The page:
Shaped by war

I'll take any opportunity to profess my admiration of Don McCullin, who I have mentioned before. This time it's because he has an exhibition at the Imperial War Museum North in Manchester. Reason enough for me to trek over the Pennines in May when I return to the UK for a visit. I won't repeat what I have said before except to say that for anyone who wishes to go out into the world and photograph the worst of humanity, the pain and suffering of war and conflict, disasters both man made and natural and in fact any kind of social documentary in general it should be mandatory to listen to and absorb what this remarkable man has to say about his work and his life.

These things are not glamorous. They are horrific. They can get you killed. They are people, not subjects. If your attitude is one that puts you in these situations because you think - even if you don't admit - that the pictures you make will advance your career, turn you into a superstar photographer and earn you respect, then you are doing it for the wrong reasons. All those things should be a by product of the work you do, not the motivation.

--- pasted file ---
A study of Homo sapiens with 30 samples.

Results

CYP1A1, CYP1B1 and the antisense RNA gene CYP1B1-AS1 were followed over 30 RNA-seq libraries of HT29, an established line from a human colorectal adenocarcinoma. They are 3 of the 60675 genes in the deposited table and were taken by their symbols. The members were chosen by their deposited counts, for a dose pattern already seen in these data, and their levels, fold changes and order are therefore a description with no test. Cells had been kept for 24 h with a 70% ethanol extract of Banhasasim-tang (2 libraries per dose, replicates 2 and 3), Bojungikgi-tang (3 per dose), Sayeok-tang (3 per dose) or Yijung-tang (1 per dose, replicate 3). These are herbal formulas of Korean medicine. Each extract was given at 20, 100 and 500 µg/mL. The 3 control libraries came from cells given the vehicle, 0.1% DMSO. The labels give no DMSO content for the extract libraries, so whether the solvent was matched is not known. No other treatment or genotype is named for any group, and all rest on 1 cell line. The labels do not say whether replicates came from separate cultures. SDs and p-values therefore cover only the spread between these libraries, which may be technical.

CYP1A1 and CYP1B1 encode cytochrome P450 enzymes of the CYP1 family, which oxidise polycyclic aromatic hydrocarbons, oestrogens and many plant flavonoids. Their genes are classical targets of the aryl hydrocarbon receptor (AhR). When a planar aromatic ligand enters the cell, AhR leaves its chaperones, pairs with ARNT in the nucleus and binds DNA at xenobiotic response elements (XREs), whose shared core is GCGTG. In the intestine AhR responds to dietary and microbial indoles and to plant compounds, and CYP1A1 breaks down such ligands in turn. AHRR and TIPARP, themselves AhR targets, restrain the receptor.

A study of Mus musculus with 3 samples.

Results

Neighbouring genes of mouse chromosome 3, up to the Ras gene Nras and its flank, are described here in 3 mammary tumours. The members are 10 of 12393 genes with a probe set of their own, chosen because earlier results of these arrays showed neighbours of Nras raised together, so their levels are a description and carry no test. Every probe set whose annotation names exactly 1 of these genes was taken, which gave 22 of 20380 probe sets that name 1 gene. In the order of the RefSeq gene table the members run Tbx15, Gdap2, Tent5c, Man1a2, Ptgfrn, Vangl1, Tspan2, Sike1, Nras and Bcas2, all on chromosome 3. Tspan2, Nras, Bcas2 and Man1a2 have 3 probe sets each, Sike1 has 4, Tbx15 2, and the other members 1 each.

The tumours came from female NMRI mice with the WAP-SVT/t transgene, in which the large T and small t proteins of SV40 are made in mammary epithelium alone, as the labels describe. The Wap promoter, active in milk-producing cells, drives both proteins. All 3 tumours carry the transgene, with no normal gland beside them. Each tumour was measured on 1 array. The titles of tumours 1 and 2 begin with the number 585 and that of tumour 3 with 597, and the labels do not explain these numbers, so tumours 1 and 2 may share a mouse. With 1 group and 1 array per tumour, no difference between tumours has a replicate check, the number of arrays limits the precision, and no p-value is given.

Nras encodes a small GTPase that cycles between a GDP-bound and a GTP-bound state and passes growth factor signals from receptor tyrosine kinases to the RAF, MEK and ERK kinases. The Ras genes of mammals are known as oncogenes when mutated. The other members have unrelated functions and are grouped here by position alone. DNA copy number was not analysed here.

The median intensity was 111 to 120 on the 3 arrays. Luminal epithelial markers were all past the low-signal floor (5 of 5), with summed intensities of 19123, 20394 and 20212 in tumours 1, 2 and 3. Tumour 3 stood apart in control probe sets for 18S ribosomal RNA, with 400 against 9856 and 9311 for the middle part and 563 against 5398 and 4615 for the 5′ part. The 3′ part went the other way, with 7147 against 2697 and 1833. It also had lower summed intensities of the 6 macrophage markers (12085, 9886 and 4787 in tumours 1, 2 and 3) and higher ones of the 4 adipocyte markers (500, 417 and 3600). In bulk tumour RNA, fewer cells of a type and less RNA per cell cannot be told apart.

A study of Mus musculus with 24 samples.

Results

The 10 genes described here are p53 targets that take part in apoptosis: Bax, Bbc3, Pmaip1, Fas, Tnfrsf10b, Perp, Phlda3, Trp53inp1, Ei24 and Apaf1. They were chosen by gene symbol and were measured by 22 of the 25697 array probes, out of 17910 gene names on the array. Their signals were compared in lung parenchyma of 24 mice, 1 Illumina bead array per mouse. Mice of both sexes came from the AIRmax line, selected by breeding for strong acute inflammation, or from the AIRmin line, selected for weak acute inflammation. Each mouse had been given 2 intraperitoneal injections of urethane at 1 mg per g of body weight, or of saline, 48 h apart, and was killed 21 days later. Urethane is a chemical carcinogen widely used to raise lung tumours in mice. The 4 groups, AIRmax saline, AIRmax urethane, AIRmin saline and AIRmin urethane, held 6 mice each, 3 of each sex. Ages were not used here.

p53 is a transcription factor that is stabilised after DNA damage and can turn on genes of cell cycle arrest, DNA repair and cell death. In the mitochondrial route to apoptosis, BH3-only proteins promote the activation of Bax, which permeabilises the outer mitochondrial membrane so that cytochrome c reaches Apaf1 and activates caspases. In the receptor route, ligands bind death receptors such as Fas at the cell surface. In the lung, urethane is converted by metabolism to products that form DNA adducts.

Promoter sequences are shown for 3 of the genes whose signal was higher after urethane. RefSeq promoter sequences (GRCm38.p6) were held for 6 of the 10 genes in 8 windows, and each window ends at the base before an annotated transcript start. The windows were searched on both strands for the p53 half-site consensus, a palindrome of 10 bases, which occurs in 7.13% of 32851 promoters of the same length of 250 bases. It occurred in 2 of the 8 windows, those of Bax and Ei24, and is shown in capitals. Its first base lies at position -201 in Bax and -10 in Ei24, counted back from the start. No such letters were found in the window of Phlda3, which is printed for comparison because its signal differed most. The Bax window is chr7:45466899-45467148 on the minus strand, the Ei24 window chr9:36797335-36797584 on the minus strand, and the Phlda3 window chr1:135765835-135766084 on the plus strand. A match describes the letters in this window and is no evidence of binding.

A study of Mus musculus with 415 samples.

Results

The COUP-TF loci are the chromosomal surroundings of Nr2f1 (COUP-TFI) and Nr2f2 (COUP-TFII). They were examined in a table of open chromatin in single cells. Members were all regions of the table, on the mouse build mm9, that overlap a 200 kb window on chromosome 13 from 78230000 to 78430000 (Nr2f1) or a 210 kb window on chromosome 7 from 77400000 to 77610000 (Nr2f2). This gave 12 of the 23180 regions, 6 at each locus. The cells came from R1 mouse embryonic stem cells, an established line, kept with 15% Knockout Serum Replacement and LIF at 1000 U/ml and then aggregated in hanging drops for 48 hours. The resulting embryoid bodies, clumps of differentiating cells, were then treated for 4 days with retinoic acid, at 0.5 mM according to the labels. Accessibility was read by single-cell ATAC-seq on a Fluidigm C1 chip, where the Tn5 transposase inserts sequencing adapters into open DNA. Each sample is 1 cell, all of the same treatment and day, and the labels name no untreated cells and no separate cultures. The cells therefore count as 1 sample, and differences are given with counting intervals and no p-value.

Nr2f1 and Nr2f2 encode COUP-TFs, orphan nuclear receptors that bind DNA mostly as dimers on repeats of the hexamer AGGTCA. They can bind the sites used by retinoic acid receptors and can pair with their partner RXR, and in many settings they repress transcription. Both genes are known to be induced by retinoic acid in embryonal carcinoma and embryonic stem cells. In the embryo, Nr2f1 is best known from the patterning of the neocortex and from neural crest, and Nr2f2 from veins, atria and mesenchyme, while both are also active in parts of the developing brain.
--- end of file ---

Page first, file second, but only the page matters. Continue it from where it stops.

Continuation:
I've been close to plenty of violence but I've never been to war. However, this is what a war correspondent looks like in my mind - uncannily similar to a shell shocked soldier right?


Don McCullin with Delta Company, 1/5th US Marines during the Battle for Hue, Tet Offensive, Vietnam, February 1968. (DM 97 A)
Photograph © Nik Wheeler


And if you think you're immortal - more fool you. This camera illustrates how close to death you can get and still walk away.


Don McCullin’s Nikon F camera, damaged by a Khmer Rouge AK47 bullet at Prey Veng, Cambodia, 1970.


I have utmost respect for the many photographers who are following in McCullin's footsteps, it's just a shame that there others who trample over them without any regard.